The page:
Conscious Living for Young People

conscious living growing up idealism

Clearly, this is not a lifestyle anyone really aspires to. Nobody gets out of college and says to themselves, "Ah yes, now I can chain myself to a desk, scrape by from paycheck to paycheck until I make enough that I can burden myself with a crippling mortgage so I never have the freedom to travel, and give up all my hobbies and passions in pursuit of the 'American dream.'" If you did say that, you are scaring me.

The problem is, that path is the easy way, because it is what society wants us to do. By following that path, we pay the most in taxes, get in the most debt, and have the least chance of upsetting the status quo. Thus, we grease the gears of the system.

The key is to avoid getting into that situation in the first place. That's the fight I've been undertaking since I went into college, without really knowing it. And I think that is what this blog has been all about from the beginning; chronicling my struggle to stay true to my beliefs about living free with awareness and by my own standards. Articles I've written on that topic have consistently garnered the best response from my readers. Thus, I have decided to make a new start to my blogging career.

Blogging for Freedom

I'm still deciding on a title, but the tagline of this new blog will be "The Young Person's Guide to Conscious Living." After all, regardless of whether you care about the environment, your health, or the dolphins, what matters most is that we maintain our ability to live with intent and purpose, rather than let ourselves fall into the rut of the easy, the path of least resistance offered so seductively by our society. So I will blog about that: the mindset and inspirational ideas necessary to keep yourself mentally and spiritually liberated, filling your head with dangerous and subversive ideas such as, "never, ever, ever give up on your dreams, no matter how out there," and, "just because its commonsense/everybody knows its true/obvious doesn't mean it's right," and "hold out for a job that preserves your freedom, don't just jump at the first steady job that comes your way (under certain circumstances)."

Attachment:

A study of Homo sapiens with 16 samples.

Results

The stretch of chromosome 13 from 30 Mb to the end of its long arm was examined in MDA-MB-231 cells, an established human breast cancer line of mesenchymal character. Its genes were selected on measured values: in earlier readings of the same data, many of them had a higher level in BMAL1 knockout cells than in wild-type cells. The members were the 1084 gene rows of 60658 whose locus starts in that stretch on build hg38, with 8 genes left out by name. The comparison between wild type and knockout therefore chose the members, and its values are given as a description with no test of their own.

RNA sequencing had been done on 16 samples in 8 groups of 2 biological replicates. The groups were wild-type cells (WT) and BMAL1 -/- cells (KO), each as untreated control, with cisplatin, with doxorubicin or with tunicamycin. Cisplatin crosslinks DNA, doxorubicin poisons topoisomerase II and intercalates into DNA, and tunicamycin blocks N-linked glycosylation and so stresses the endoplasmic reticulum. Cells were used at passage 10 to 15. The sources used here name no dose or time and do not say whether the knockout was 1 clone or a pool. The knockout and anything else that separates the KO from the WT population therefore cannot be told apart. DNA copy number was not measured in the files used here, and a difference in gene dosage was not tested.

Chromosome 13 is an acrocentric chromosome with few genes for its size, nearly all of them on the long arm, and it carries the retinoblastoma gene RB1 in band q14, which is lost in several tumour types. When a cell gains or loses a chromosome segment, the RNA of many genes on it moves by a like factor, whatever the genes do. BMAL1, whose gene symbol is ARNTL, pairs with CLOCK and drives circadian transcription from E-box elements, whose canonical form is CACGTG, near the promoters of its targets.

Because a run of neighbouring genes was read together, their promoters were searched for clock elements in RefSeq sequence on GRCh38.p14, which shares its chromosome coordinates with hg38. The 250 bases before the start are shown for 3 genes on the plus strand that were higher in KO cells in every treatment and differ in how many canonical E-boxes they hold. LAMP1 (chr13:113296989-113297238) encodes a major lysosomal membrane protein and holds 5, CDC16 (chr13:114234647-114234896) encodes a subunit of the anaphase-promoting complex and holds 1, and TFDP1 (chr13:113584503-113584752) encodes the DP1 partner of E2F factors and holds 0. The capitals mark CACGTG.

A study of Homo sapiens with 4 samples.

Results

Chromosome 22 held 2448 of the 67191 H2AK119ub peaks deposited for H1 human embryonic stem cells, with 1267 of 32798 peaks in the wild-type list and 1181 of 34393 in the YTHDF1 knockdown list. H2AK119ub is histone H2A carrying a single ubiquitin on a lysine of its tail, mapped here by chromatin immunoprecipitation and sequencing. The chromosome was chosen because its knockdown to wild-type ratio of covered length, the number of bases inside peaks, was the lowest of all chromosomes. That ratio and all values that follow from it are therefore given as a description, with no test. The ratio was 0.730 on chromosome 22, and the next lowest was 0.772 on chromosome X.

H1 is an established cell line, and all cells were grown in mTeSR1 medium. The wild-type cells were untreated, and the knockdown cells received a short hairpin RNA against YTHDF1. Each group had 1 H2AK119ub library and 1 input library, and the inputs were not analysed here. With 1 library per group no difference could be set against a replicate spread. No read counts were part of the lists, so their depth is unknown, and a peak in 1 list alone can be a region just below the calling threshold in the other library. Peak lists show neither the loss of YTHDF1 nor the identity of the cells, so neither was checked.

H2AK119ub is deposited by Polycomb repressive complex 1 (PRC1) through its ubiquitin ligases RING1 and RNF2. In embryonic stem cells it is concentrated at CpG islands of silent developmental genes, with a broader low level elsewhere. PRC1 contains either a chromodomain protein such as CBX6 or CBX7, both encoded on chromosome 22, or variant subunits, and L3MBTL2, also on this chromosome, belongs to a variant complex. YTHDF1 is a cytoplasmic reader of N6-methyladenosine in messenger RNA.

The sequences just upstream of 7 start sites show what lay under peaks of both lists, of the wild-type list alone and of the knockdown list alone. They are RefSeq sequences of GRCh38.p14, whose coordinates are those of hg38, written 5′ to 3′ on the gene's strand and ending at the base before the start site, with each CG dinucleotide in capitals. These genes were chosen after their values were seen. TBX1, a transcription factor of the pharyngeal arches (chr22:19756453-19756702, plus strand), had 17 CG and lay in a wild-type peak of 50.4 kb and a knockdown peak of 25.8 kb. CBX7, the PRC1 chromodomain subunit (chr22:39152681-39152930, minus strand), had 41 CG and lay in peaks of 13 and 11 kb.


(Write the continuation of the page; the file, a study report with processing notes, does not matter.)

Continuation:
The main point is not so much breaking free as resisting the temptation to give in in the first place. Even if you work a 'real job' you can still do so while being conscious of your daily activities and your ultimate goals. How can I have ultimate goals when I'm so young? That's a topic we'll cover as well, but for now, let's say that I firmly believe that even us young whipper-snappers can and often do have a pretty good idea what we want our lives to be, at least in some sort of outline. There is a misconception that we are too young to know, but I think the problem is that our goals tend to be more Romantic. When we hit the real world, we scale back, or pick something manageable, and then we are told that this new goal is our life's calling, based on sound and reasoned wisdom granted by age and experience. Rubbish! Why can't a real goal be Romantic? I know of plenty of people that live ridiculously amazing, thoroughly un-mundane, lives. If it's been done once, it can be done again.

So from here on out, there will be some changes (including, hopefully, a new URL). I ask you to bear with me, and take your dreams seriously.